Icelandic horses are not like regular or typical horses. They are smaller than usual, somewhat like the Shetland breed, so that they are sometimes referred to as ponies. On the other hand, Icelandic horses are known to be long-lived. Since they are generally well cared for and Iceland laws restrict trade in other breeds, there is almost no chance that foreign diseases will creep in and infest the local herds.



The first Icelandic horses were taken to Iceland by the earliest Viking settlers around 860 to 935 AD. The Norse settlers were followed by immigrants from Norse colonies in Ireland, the Isle of Man and the Western Isles of Scotland. These later settlers arrived with the ancestors of what would elsewhere become Shetland, Highland, and Connemara ponies, which were crossed with the previously imported animals. Icelandic horses are therefore related to the Faroe pony of the Faeroe Islands, the Fjord horse, the Yakut and Nordlandshest of Norway because of their physical similarities. In 982 AD, the Icelandic Althingi passed laws that prohibited the importation of horses, hence ending any more crossbreeding. The breed has now been pure for more than 1,000 years.



Icelandic horses weigh from 330 to 380 kilograms (730 to 840 lbs.) and have an average height of 52 to 56 inches (132 to 142 cms.). That’s why most of the time, the domestic breed is referred to as “pony” and not “horse”. On the other hand, zoologists propose that Icelandic horses have the bone structure, strength and weight-carrying abilities of a horse. Icelandic horse breeds have different coat-colors. There’s chestnut, dun, bay, black, gray, palomino, pinto and roan. Unlike the usual horses elsewhere, Icelandic horses have larger heads with compact bodies, similar to the physiognomy of donkeys. Another trait the two breeds have in common is their short legs. Nonetheless, Icelandic ponies are known to be strong. They have quite long cannon (supporting leg) bones but short pasterns.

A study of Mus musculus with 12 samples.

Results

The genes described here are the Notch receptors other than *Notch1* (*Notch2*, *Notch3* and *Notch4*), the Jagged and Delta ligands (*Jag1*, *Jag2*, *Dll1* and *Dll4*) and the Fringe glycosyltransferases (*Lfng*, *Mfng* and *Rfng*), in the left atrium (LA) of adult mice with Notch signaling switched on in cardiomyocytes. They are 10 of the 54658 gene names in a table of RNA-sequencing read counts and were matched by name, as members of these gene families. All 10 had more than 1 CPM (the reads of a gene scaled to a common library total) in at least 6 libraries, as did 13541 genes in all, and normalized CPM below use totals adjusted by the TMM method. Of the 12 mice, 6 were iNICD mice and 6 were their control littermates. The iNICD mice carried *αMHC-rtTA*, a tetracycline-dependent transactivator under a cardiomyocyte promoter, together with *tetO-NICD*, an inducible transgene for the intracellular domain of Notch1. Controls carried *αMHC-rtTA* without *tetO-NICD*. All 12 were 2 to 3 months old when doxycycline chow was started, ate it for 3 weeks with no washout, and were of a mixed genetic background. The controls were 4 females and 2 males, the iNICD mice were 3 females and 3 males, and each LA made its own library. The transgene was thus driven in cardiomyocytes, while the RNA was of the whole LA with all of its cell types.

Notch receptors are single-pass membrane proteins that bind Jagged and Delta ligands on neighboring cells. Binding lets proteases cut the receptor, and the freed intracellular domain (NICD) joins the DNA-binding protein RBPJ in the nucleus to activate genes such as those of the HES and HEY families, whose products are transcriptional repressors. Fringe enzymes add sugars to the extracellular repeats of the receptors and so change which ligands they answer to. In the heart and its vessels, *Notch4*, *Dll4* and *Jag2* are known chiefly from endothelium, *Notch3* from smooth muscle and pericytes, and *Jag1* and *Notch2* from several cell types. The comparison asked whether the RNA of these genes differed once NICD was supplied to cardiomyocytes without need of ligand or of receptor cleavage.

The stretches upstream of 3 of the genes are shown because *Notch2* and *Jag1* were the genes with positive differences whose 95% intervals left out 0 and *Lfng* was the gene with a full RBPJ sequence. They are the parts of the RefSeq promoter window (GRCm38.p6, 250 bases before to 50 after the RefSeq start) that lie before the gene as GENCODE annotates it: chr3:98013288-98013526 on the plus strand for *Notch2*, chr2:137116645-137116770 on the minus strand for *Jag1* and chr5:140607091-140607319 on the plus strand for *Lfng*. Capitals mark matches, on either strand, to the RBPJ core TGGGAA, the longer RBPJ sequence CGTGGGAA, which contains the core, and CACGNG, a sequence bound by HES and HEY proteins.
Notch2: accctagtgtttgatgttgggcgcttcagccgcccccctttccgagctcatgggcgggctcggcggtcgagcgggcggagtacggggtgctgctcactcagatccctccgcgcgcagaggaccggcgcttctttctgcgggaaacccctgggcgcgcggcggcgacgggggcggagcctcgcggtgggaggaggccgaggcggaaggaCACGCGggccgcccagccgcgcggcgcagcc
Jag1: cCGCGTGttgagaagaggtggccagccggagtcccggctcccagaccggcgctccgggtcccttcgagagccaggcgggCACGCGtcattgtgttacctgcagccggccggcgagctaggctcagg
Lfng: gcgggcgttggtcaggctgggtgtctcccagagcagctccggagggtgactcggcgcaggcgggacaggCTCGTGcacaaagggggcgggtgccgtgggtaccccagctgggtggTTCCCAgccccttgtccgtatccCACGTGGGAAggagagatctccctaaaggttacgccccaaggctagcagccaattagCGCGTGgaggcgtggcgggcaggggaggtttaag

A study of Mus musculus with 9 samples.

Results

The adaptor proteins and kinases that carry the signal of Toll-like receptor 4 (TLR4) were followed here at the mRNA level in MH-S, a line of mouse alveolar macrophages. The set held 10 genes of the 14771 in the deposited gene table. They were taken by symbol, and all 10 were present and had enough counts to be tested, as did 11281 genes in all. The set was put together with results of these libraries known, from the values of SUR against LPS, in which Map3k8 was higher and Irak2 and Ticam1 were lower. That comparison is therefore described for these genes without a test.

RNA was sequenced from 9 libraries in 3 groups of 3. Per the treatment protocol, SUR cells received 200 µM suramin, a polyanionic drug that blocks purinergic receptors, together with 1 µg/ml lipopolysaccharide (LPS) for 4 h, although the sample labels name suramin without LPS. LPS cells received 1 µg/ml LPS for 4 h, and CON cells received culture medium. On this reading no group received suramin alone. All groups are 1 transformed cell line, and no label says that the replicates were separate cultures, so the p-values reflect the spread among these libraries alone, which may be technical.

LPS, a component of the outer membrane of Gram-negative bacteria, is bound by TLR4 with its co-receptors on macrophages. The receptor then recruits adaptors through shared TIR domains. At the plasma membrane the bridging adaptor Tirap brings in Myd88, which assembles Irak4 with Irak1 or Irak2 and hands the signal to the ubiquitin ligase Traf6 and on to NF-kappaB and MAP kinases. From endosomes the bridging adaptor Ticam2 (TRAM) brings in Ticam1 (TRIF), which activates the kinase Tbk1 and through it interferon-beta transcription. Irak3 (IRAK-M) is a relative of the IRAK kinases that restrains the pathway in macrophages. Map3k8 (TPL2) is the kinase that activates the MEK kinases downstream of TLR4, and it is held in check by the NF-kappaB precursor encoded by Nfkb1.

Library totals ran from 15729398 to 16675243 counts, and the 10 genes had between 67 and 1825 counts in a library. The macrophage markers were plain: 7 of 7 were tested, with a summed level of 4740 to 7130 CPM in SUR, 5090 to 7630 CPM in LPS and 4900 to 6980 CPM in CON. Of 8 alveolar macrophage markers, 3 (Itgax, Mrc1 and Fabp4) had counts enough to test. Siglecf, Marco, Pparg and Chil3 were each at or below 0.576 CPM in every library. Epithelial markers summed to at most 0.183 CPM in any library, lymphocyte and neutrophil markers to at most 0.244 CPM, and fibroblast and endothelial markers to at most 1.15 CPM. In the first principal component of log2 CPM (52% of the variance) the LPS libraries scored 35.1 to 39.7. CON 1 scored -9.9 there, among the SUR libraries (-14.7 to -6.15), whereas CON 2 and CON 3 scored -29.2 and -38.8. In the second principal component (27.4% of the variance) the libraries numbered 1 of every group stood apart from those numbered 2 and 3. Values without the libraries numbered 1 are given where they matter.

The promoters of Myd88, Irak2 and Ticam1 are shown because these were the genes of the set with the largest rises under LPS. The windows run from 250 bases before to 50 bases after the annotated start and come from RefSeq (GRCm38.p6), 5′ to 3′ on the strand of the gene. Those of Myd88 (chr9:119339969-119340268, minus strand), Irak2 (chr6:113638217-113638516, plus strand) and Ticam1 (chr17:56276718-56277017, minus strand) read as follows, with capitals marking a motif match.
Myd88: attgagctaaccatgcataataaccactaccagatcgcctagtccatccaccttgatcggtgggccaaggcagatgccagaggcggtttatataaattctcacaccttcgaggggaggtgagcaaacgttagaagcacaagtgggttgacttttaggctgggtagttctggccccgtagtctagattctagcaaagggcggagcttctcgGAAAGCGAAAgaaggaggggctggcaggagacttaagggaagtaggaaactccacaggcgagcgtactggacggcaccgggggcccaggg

The mane and tail are full, with coarse hair, and the tail is set low. They have a double coat for extra insulation for winter. They possess great agility and they are very sure-footed. Although small, they can carry heavy loads and run fast.



The Icelandic horses are five gaited horses. The five gaits are walk, trot, canter/gallop, flying pace and tölt. The walk is a four-beat gait. When walking, the horses should be calm and briskly moving ahead. The walk is a great way to teach the horse to relax and to be well-focused. The trot is a two-beat gait where the front and back legs on opposite sides move together. The trot is used a lot in basic training before a horse can master tölt. The tölt, in the other hand, is the specialty of the Icelandic horse where the horse’s back legs should move well under the body and carry more of the rear weight, thus allowing the front to rise, be free and loose. The flying pace is a two-beat gait, well-known in the international racing world. When pacing, the horse moves both legs on the same side together. The canter/ gallop is considered as one gait in Iceland. It is a three-beat gait, ridden at different speeds.



At the end of the day, modernization has tended to leave traditional ways of transport behind. Cars and motorcycles continue to replace horses. As elsewhere, Icelanders use them for farm transportation and chores.

Icelanders also use horses for entertainment. The first horse race was held in Akureyri in 1874. Since then, the Agricultural Society of Iceland, along with the National Association of Riding Clubs, has regularly organized a wide variety of shows. Horse races are held almost year-round, from April to June and even in winter.

Some horses are bred for export. Some are bred for slaughter, and most of the meat is exported to Japan. Others are bred for farm work. Some are bred for horse riding and horse races, to be exported to Europe and North America. Iceland has one of the best breeds of horses. The are strong, children friendly, healthy and beautiful.